Fraudulent COVID-19 Relief Claims Earn Gang Millions

Walden Systems Geeks Corner News Fraudulent COVID-19 Relief Claims Earn Gang Millions Rutherford NJ New Jersey NYC New York City North Bergen County

In addition to the fraudulent unemployment activity, researchers have also found evidence that links Scattered Canary to previous attacks targeting CARES Act Economic Impact Payments, which were meant to provide Covid-19 relief. Researchers have identified the methods Scattered Canary is using to create numerous accounts on government websites and where the stolen funds are directed. So far, the gang has targeted the unemployment websites of Florida, Massachusetts, North Carolina, Oklahoma, Rhode Island, Washington and Wyoming. Based on Scattered Canary’s activity, the group seems to be setting their sights on Hawaii as their next target of fraudulent unemployment claims, which has not been previously reported,” said researchers.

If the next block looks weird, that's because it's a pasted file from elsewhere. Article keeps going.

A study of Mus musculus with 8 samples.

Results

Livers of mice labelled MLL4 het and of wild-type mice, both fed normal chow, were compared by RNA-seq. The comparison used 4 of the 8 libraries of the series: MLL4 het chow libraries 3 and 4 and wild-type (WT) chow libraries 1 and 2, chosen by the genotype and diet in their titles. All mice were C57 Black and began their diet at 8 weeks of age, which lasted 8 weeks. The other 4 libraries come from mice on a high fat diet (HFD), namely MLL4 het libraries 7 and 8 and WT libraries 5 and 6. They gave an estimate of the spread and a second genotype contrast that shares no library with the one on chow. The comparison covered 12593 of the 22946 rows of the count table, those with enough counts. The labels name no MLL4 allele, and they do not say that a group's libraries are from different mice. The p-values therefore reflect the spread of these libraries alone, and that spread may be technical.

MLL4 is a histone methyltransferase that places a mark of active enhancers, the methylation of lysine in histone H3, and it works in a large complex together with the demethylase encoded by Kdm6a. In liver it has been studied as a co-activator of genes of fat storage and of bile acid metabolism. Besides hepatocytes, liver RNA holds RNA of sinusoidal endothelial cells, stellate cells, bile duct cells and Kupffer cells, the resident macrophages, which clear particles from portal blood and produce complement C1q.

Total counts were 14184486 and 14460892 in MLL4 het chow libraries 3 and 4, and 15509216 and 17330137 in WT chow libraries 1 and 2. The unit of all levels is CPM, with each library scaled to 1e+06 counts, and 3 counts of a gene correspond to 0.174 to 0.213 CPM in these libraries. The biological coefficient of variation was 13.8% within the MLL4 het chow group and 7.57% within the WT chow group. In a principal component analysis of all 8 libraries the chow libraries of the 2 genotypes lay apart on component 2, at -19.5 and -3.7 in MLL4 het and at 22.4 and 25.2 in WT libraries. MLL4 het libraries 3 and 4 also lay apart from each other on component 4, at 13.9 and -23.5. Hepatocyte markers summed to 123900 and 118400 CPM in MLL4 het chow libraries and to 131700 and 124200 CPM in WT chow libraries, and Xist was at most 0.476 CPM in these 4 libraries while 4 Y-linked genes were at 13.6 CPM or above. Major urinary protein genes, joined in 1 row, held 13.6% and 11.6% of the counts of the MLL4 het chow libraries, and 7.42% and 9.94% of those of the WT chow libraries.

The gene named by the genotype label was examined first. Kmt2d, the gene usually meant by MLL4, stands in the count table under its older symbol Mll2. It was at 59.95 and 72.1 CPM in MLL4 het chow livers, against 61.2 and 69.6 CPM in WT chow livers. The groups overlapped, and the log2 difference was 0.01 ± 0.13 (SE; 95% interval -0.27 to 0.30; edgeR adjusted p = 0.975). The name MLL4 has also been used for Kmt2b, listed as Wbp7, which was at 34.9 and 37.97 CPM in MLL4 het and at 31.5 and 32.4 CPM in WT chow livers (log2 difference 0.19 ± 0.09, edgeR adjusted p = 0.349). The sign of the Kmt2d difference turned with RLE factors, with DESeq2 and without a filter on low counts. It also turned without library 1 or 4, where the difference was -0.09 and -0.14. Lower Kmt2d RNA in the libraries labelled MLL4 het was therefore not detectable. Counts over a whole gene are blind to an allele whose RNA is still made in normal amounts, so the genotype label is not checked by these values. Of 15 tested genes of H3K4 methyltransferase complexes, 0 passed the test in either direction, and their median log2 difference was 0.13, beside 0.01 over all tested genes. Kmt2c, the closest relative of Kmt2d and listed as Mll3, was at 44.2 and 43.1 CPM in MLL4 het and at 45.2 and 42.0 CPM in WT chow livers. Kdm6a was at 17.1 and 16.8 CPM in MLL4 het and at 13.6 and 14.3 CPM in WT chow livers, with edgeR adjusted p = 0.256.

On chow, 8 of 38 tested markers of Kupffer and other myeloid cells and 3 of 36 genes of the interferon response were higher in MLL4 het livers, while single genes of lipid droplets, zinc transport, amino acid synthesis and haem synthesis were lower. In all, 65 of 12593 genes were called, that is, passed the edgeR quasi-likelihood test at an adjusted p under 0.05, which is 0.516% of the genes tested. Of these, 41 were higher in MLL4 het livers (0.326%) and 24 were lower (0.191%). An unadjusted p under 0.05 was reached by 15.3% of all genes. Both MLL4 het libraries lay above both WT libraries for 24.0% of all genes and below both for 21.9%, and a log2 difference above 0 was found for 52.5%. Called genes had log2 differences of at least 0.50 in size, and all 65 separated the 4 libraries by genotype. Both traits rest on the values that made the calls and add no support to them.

Researchers noted that Scattered Canary have used almost 50 Green Dot prepaid cards to cash out its fraudulent claims. Prepaid cards have previously been exploited to facilitate payroll-diversion BEC attacks because the cards can be used to receive direct deposit payments. Green Dot cards are also advertised as being able to receive government benefits, such as unemployment payments, up to four days before they're due to be paid, making them an attractive to groups like Scattered Canary to use in scams.

The group also used a trick that researchers call Google dot accounts to scale its operation. This trick abuses a legitimate Google feature that directs incoming email to the same account, regardless of where the period placement is within the email address. So, someone creates a Gmail account with an email address containing a period such as, Google strips out the period in it is interpreted as

Hackers leveraged this to create multiple versions of the same Google address for each target website creating an efficient method for carrying out the crime. Researchers found 259 different variations of a single email address used by Scattered Canary to create accounts on state and federal websites to carry out these fraudulent activities.